Alzheimer's Disease Watch

Pharmacy TimesJanuary 2012 Aging Population
Volume 78
Issue 1

No Effect of Anticholinergic Drugs on AD Patients

There has recently been much debate over anticholinergic medications and whether they have a negative effect on elderly patients with Alzheimer’s disease (AD), either by decreasing cognitive function even further or by causing cholinergic medications used in the treatment of AD to become less effective.

A study published in Age and Ageing in December 2011 studied this effect. Conducted by researchers from the British Geriatric Society, the Laser-AD Study examined a cohort study of 224 participants with AD. Baseline anticholinergic scores that included all prescribed and OTC medication use were calculated, and cognitive function was measured at baseline and at 6- and 18-month followups using the Mini-Mental State Exam (MMSE). After adjusting for baseline cognitive function, age, gender, and use of cholinesterase inhibitors, the study showed no differences in MMSE scores and other cognitive functioning at either 6 or 18 months between those with and those without a high anticholinergic load.

Because of the ubiquity of anticholinergic medications in the elderly population— they are used to treat a variety of conditions, including psychiatric conditions, cardiac disease, bladder illnesses, and insomnia—examining whether they have a negative impact on elderly patients with AD is very important. Although this study does not demonstrate a clear link between cognitive decline and the use of anticholinergic medications, the researchers warn, studies that include different patient populations, such as those who are still cognitively intact, should be performed to further examine a possible link between the use of anticholinergic medications and the development of AD.

Researchers Discover Potential Biomarker for AD

A biomarker has been discovered in serum samples that may predict future development of Alzheimer’s disease, even before symptoms of cognitive impairment are present.

The study, published online on December 13, 2011, in Transitional Psychiatry, followed a cohort of 143 elderly patients with mild cognitive impairment. Blood samples were collected at baseline and during the follow-up period of 27 months. Of the 143 patients with mild cognitive impairment, 52 progressed to AD. Although 3 metabolites in the blood were found to predict who progressed to AD, the one that was statistically significant was 2,4-dihydroxybutanoic acid (P = .0048), a metabolite that predicts potential hypoxia in the brain. Independent studies have shown oxidative stress to be a key characteristic in patients in the beginning stages of AD.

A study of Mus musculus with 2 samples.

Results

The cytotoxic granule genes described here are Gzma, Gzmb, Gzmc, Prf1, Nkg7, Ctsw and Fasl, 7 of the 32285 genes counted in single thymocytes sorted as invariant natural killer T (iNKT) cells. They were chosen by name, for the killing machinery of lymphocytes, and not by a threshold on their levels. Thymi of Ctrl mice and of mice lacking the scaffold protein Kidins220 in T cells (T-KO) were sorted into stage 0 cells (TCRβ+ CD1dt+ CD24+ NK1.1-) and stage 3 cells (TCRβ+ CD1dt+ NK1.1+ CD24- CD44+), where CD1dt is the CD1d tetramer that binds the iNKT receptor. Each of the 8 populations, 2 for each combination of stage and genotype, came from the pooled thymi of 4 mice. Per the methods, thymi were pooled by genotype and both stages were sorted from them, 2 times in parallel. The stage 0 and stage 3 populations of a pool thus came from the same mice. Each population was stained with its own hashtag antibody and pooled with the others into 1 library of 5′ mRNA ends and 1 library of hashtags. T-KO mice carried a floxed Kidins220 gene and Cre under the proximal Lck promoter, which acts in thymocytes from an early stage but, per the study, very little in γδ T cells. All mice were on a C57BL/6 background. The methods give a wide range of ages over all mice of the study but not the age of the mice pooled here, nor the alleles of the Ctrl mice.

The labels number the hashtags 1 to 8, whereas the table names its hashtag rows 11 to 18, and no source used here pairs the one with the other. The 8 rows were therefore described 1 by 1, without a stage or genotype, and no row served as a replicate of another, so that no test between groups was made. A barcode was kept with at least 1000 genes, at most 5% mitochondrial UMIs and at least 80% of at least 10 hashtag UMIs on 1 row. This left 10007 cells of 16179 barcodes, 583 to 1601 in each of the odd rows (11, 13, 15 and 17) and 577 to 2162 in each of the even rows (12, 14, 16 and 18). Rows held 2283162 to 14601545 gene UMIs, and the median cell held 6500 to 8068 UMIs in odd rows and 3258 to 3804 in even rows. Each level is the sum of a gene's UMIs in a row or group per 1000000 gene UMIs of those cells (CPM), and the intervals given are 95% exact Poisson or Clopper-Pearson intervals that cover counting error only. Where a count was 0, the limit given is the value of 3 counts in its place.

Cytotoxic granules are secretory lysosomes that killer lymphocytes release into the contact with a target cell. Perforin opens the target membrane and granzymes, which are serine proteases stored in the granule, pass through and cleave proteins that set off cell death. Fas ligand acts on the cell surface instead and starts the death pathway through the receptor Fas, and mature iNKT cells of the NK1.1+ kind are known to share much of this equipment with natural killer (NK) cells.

The authors of the study conclude, “Establishment of pathogenic relevance of predictive biomarkers such as ours may not only facilitate early diagnosis, but may also help identify new therapeutic avenues.”

Baked or Broiled Fish May Reduce AD Risk

In an intriguing study presented at the Radiological Society of North America 97th Scientific Assembly and Annual Meeting in Chicago, Illinois, researchers demonstrated that people who eat baked or broiled fish at least once a week may reduce their risk of developing mild cognitive impairment and AD.

The study followed 260 cognitively normal participants 65 years and older from an observational study conducted by the National Heart, Lung, and Blood Institute. Dietary intake of fish at baseline was assessed using a questionnaire. After 10 years, each subject underwent a 3-dimensional volumetric magnetic resonance imaging scan of the brain, and models were created to examine the relation between weekly fish consumption and brain structure at baseline and follow-up.

After adjusting for numerous variables, it was found that participants who ate baked or broiled fish had statistically significant larger volumes in certain areas of the brain, including the hippocampus and frontal lobes, which are the areas responsible for memory and cognition. This difference in size was not statistically significant in participants who ate fried fish.

Although the study is promising in providing more evidence that consumption of fish and omega-3 fatty acids has neuroprotective effects, more studies, including studies that do not solely rely on self-reported questionnaires and that include more participants, are required to solidify this theory.